As a legitimate, fee-paying, card-carrying disabled park user, I find myself more and more annoyed to find fit, able-bodied motorists parked in the spaces reserved for the less able in the community.
I am not one to allow this to happen without at least asking them if they have forgotten to put their card on display and, when they admit they don't have one, asking them to move. On all but one occasion, where the person apologised, I have been either abused and sworn at or threatened with physical bodily harm.
I find this problem particularly bad at the supermarket where I shop, which is constantly advertised on our TVs by an extremely thin cartoon gentleman. It is on private property, where the police have no jurisdiction, and nothing is done by management to stop the lazy people from abusing the system.
I have managed on one occasion to involve the police, which resulted in the offending driver receiving a $150 fine. I am sure I am not the only disabled car park user — something we pay a fee for — to encounter this problem, as people seem to be able to do it with impunity.
Clearly this is an ongoing problem in our community, one which has a higher-than-average rate of people in the 50-plus bracket, so perhaps it is time something was done? Perhaps a blitz is the answer — hitting the pocket is often the only message that gets through to most people — or perhaps even a clamping regime, at least until the problem goes away.
Unfortunately, we are living in an increasingly self-centred society, which clearly shows in too many people's dismissive attitude to anyone other than themselves or those close to them.
Like most of the people in my position, I was once fit and able, but the difference was I had, and still have, respect for those worse off than myself. It's a shame this doesn't appear to have carried over to a lot of the people, especially the younger ones, in today's society.
I wish to remind people that, whichever way you look at it, laziness is not a disability.
In reply to John S Slade's letter:
Wanganui is having wheelie bins put into place because we are about the only town in NZ that doesn't have them and the outdated bags went out with the ark. It also stops rubbish bags being torn open by animals, especially dogs, who still roam the streets.
Have you asked Waste Management about fortnightly pick-ups, and bins come in two sizes, Mr Slade. Maybe you could share with a neighbour.
This has nothing to do with leadership in the council, it's to keep the town looking tidy and up with the times.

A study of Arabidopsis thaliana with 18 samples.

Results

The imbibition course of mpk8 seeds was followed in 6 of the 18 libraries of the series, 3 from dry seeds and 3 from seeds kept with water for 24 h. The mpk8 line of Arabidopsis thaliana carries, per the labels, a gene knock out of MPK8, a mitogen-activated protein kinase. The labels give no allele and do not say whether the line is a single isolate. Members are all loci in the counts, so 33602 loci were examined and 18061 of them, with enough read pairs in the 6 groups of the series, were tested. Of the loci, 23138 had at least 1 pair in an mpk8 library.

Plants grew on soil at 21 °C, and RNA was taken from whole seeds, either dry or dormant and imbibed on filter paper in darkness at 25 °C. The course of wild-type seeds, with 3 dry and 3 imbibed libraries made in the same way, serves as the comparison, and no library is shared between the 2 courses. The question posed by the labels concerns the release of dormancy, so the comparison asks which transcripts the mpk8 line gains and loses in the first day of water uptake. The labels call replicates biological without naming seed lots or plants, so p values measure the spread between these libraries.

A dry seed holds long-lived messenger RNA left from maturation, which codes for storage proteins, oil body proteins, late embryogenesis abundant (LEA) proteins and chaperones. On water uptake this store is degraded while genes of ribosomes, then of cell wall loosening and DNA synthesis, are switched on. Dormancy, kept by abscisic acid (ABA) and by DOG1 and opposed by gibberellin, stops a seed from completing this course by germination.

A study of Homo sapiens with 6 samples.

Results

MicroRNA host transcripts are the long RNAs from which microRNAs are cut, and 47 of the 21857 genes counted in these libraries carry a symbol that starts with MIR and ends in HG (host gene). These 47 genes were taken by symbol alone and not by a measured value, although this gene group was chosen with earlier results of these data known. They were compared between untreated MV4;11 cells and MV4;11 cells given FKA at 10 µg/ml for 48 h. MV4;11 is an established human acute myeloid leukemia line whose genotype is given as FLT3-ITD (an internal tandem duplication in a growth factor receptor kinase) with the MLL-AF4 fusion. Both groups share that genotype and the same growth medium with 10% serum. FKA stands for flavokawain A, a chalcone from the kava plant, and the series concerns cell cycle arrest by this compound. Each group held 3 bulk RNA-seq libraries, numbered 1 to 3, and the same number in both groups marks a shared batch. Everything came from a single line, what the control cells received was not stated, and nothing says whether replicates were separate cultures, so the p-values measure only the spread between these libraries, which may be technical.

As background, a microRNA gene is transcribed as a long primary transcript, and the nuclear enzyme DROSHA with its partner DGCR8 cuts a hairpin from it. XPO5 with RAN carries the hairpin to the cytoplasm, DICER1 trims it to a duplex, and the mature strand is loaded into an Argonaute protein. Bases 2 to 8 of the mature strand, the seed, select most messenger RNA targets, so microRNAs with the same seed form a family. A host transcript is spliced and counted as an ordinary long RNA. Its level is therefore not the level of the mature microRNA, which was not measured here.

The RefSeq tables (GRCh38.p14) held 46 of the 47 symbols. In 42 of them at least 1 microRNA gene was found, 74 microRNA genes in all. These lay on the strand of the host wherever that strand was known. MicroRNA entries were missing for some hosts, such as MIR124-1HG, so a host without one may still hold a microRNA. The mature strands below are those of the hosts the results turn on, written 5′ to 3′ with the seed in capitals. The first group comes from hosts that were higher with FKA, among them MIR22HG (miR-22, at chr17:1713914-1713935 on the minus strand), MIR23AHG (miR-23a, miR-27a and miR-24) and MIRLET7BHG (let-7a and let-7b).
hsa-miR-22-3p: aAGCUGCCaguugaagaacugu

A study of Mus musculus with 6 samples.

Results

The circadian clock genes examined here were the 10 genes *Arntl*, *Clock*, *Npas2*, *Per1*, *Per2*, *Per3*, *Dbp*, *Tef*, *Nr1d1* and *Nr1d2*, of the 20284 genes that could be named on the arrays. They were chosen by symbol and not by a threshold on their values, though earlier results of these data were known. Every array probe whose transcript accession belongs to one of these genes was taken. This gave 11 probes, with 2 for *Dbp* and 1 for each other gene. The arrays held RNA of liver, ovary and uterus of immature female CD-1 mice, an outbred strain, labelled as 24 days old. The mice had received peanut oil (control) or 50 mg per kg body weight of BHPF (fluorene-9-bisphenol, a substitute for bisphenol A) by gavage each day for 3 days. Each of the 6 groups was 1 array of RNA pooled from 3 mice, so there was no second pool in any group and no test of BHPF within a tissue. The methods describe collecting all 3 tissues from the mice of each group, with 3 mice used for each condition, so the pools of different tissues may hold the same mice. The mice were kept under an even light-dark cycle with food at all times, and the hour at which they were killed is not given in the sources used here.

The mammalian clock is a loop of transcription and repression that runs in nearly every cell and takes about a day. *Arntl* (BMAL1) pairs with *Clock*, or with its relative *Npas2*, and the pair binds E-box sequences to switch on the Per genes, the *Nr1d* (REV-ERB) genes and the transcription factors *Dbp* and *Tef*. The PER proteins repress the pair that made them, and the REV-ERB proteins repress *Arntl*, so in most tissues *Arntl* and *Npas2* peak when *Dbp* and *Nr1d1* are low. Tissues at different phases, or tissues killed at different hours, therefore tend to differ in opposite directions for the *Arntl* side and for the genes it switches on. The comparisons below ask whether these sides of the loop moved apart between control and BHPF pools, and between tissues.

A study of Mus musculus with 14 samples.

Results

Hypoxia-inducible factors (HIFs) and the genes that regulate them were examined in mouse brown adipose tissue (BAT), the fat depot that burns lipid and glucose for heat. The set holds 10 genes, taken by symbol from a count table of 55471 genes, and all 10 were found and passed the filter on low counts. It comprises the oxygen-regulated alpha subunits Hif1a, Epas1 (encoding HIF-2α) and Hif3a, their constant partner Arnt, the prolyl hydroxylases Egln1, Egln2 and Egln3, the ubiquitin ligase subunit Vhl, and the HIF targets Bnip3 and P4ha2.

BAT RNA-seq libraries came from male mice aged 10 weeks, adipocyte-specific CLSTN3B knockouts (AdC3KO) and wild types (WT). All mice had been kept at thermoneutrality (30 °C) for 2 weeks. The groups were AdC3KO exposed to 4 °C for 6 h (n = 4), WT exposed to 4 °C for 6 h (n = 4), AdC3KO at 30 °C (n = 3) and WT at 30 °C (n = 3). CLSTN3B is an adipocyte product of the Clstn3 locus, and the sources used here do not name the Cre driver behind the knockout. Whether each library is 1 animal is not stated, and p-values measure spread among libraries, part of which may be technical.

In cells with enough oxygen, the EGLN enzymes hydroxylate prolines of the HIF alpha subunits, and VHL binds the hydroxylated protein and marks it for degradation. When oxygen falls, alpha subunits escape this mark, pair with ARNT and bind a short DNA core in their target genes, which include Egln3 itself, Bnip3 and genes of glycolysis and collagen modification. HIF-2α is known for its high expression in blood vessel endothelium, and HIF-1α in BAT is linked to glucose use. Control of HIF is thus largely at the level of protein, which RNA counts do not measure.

As our town is ageing at an alarming rate, so will the trips to the recycling depot drop and everything will go into bins as we do not have recycling pick-ups.
Surveillance cameras will be in place at the now known dumping areas as so-called poverty folk will not be able to afford bins.
The council would have taken all this into account when they signed an agreement with Waste Management, so residents will not have to worry about extra dumping by the bag load.
MARGARET S. HADDON
Here to stay
Only six days into 2018 and messrs Scown and Partner are on the warpath.
The Maori grievance industry and Maori personification of nature criticised and ridiculed. Get it off your chests, boys, and move on.
I know what the real problem is. The Maori people and their descendants have been very stubborn and disobedient by refusing to die out as predicted by the colonials. And the brash Mr D Brash is very upset when he hears "te reo rangatira" spoken. But are not the terms "Mother Earth and "Mother Country" commonly used by many other peoples?
For Maori, it's only one way of acknowledging and teaching respect for nature.
The Christian claim of "dominion" over nature has been, and will probably continue to be, disastrous.
But in spite of all the ridicule over many years, the Maori renaissance will continue to gather pace. And if any of the three persons mentioned above are confronted with mokopuna Maori of their own, I wonder how they will react.
I wish them a happy new year and urge them to look forward to some enlightenment on racial harmony. Maori are here to stay.